Since we live in a fallen world where righteousness does not flourish, there is such a thing as abuse in Christian churches. People are sinful and church leaders cannot see into peoples’ hearts or houses. And tragically, sometimes church leaders ignore signs of abuse or even worse, cover it up. The question then arises: why in the world would church leaders cover up this heinous sin? Jeff Crippen and Anna Wood give some reasons in A Cry for Justice. Here are the reasons (edited due to length) explaining why churches sometimes cover up abuse.
1) Fear. When we receive a report of a particularly ugly sin happening in our own church, we are afraid. What are we afraid of? a) Harm to our church (destruction of relationships, scandal reported in the newspapers, loss of unity among members, legal consequences, lawsuits, etc.). b) Criticism. Generally, those handling the reported abuse are going to be attacked and criticized by some people before it is over. c) The criminal justice system. In a real church, we are simply not very familiar with courts and police and prosecutors and jails. Suddenly, we are face to face with them when we report abuse. If we are going to think clearly and effect biblical justice for the abuse victim, then we must learn to get control of our fear very early in the process.
2) A Don’t Ask, Don’t Tell policy. Abuse is an evil that feeds upon silence, secrecy, and shame. Sometimes people are pressured not to ask or tell about abuse, because it would damage both parties, both families by unnecessarily shaming them. But ‘don’t ask, don’t tell’ is not help. And of primary importance, we must affirm that our fundamental duty is to help and protect the victim. The church, the body of Christ, is the advocate of the weak and innocent.
3) Fantasy Thinking. …We cover up abuse in the church because we want to insulate ourselves from real life and its evils. Christians, and in particular, conservative, Bible-believing Christians who truly desire to live for Christ, easily adopt a magical, fantastical worldview in which prayer sprinkles pixie dust and tinsel, removing anything that is ‘yucky.’ As their world narrows to the realm of their own protected, safe Christian community, they can grow blind to daily experience of most people. But the Bible does not do this. God names horrendous sins, including sexual ones.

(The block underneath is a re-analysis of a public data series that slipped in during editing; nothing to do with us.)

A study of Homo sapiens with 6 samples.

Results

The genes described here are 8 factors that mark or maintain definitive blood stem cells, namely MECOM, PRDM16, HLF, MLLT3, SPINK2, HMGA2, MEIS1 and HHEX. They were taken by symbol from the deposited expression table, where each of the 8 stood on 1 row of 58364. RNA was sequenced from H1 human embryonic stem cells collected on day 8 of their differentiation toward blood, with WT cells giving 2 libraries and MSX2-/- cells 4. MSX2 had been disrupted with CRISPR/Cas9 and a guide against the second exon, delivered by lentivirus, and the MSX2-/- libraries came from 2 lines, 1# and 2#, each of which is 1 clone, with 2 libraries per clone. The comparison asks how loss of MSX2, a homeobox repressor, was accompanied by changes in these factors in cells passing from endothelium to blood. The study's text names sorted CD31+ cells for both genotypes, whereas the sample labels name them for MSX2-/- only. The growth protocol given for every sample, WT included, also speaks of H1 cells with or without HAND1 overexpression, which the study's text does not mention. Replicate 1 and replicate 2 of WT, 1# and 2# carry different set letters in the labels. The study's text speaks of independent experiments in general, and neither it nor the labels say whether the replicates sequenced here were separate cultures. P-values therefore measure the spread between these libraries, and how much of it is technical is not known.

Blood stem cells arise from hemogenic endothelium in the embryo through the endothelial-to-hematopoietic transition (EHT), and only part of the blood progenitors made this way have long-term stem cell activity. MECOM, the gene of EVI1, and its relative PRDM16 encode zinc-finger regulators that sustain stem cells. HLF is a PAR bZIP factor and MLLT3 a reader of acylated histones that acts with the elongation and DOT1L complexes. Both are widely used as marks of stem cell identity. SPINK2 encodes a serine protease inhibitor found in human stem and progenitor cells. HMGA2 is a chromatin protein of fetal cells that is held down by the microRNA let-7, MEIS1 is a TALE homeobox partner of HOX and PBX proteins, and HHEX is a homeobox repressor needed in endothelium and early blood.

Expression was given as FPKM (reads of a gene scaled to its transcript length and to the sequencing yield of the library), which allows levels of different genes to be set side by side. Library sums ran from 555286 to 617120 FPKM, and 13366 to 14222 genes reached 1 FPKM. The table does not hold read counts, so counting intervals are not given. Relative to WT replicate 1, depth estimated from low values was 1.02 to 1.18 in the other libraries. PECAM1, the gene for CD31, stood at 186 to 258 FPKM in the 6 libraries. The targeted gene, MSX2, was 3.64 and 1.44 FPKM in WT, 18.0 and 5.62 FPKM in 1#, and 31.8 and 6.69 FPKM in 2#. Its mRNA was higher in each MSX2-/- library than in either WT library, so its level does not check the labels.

4) The Trauma of the Thing. Closely connected with fantasy-thinking as an explanation for our bent toward cover up is a phenomenon we might call ‘trauma.’ When we are confronted with something ugly and terrible, our head ‘sets to spinning.’ The thing somehow doesn’t seem real. Reception of such information often results in… an ‘ostrich-head-in-the-sand’ response as the recipient reacts with denial designed to shield oneself against grief and consequences. Denial is often a powerful response in us when we are faced with a horrible thing. Denial works to dilute it. However, as it is with fear, so it is with denial. Decisions motivated by denial are neither good nor just. Nothing good will come from them.
Crippen and Wood do say more about these four points and they also note that there are more reasons why churches sometimes cover up abuse. They go on to offer biblical advice on how to handle and deal with abuse in the church – which will be the topic of a future blog post, Lord willing. For now, and if you want more info, I recommend this one: A Cry for Justice by Jeff Crippen and Anna Wood.